I recently filmed a Trade Secrets Update on-demand seminar with ICLE contributors Paul Mersino and Bernie Fuhs (available soon in the ICLE Partnership), and one of the things we discussed was the recent wave of employee resignations spurred by COVID-19. Paul and Bernie pointed out that some of the folks who hung onto their jobs through the first part of the pandemic are now craving change and balance after over a year of working remotely and spending more time with family. This desire for flexibility, combined with increased burnout and enhanced financial security, is emboldening many employees to look elsewhere.
The seminar tackles the trade-secret implications of this employee mobility, but the surge in resignations also raises questions about the potential impact of incentives on employee retention. (Of course, many employers are currently testing ways to incentivize employees to get the COVID-19 vaccine, ranging from mandates to cash bonuses and paid time off—and it seems to be working.) And there is also a lot of broader chatter at this particular pandemic moment among employers, employees, and HR professionals about what employers can do to meet employees in the middle and ensure productivity, satisfaction, and longevity. Some of the emerging best practices include:
- Recognition to boost engagement. A Workforce Institute survey indicates that 87 percent of employees report a high level of inclusion at work if there is a “strong culture of recognition.” In a recent article in Forbes, George Elfond, CEO of Rallyware, argues that such recognition should be provided “at least monthly” in order to boost engagement and productivity. Per Elfond, a robust recognition program should 1) focus on the individual, 2) motivate and encourage employees at the right time, and 3) provide a virtual space for employees to track goals and progress.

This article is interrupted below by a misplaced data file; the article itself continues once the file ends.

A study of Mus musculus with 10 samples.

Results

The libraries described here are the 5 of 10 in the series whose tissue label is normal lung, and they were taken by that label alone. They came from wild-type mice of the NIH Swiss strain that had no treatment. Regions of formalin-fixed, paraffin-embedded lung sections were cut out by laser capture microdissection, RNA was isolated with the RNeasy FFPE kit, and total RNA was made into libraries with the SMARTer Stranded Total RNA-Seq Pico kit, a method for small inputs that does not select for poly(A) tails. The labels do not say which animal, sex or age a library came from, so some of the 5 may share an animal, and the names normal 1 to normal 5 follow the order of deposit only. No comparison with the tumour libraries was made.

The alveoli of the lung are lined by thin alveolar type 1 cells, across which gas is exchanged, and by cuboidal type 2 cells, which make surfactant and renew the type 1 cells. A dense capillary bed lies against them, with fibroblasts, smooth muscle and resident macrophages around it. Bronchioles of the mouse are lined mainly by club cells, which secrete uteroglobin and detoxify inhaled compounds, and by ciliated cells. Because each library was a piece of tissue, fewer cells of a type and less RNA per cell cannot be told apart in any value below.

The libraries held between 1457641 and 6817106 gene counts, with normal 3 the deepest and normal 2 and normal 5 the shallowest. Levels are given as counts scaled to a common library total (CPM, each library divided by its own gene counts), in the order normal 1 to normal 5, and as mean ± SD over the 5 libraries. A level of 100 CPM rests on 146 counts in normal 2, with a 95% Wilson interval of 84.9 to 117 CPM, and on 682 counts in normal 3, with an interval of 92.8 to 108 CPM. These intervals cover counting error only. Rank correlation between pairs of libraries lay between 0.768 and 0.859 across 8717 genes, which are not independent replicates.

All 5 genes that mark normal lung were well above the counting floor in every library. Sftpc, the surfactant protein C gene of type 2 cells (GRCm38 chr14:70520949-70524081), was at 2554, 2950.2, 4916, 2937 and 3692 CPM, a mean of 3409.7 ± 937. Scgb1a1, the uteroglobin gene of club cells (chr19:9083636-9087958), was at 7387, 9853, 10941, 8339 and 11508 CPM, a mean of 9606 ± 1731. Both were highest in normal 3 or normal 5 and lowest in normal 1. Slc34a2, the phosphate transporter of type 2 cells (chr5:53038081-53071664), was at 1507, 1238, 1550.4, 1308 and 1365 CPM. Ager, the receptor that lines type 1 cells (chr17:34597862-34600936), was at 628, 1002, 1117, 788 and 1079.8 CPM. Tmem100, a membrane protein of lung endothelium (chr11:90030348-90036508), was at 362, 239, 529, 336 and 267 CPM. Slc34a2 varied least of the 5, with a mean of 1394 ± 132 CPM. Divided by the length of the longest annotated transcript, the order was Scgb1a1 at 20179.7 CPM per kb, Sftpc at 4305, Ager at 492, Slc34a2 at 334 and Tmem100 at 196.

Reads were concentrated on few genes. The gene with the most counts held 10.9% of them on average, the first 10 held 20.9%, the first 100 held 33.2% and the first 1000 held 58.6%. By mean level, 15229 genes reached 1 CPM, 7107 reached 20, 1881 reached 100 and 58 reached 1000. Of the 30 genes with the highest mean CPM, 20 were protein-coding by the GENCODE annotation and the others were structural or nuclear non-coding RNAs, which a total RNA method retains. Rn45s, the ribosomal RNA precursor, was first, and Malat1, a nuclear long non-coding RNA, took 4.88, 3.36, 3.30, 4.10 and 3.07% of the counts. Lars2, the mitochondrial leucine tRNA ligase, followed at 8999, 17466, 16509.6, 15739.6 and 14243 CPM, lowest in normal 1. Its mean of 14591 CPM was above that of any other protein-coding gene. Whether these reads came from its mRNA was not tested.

- Paid time off to stave off burnout. The tech firm Momentive (formerly SurveyMonkey) combatted employee burnout by closing the office and giving its workers one week off in the summer. This article in Human Resource Executive recounts how a number of other big name employers have done the same, with extremely positive response.
- Individualized approaches to keep employees happy. Anthony Klotz, professor of management at the Mays Business School at Texas A&M, argues in this NBC News article that especially during this period of time, “[a] more personalized, listen-first approach is needed.” Klotz suggests that employers have “one-on-one conversations with employees about their well-being and about how their jobs can be re-crafted to support their pursuit of happiness and purpose.” Vipula Gandhi and Jennifer Robison of Gallup discuss that engagement is the key to battling employee discontent, and managers should “conduct meaningful conversations, set expectations and create accountability, individualize performance management to get the best out of people—and create an employee experience that retains workers.”
It seems clear that lawyers advising employer clients or managing their own firm workforces will be thinking through many of these issues in the coming months. As those conversations happen, it may be helpful to note that the most talked-about incentives center on ensuring individual employee well-being as opposed to implementing a one-size-fits-all approach.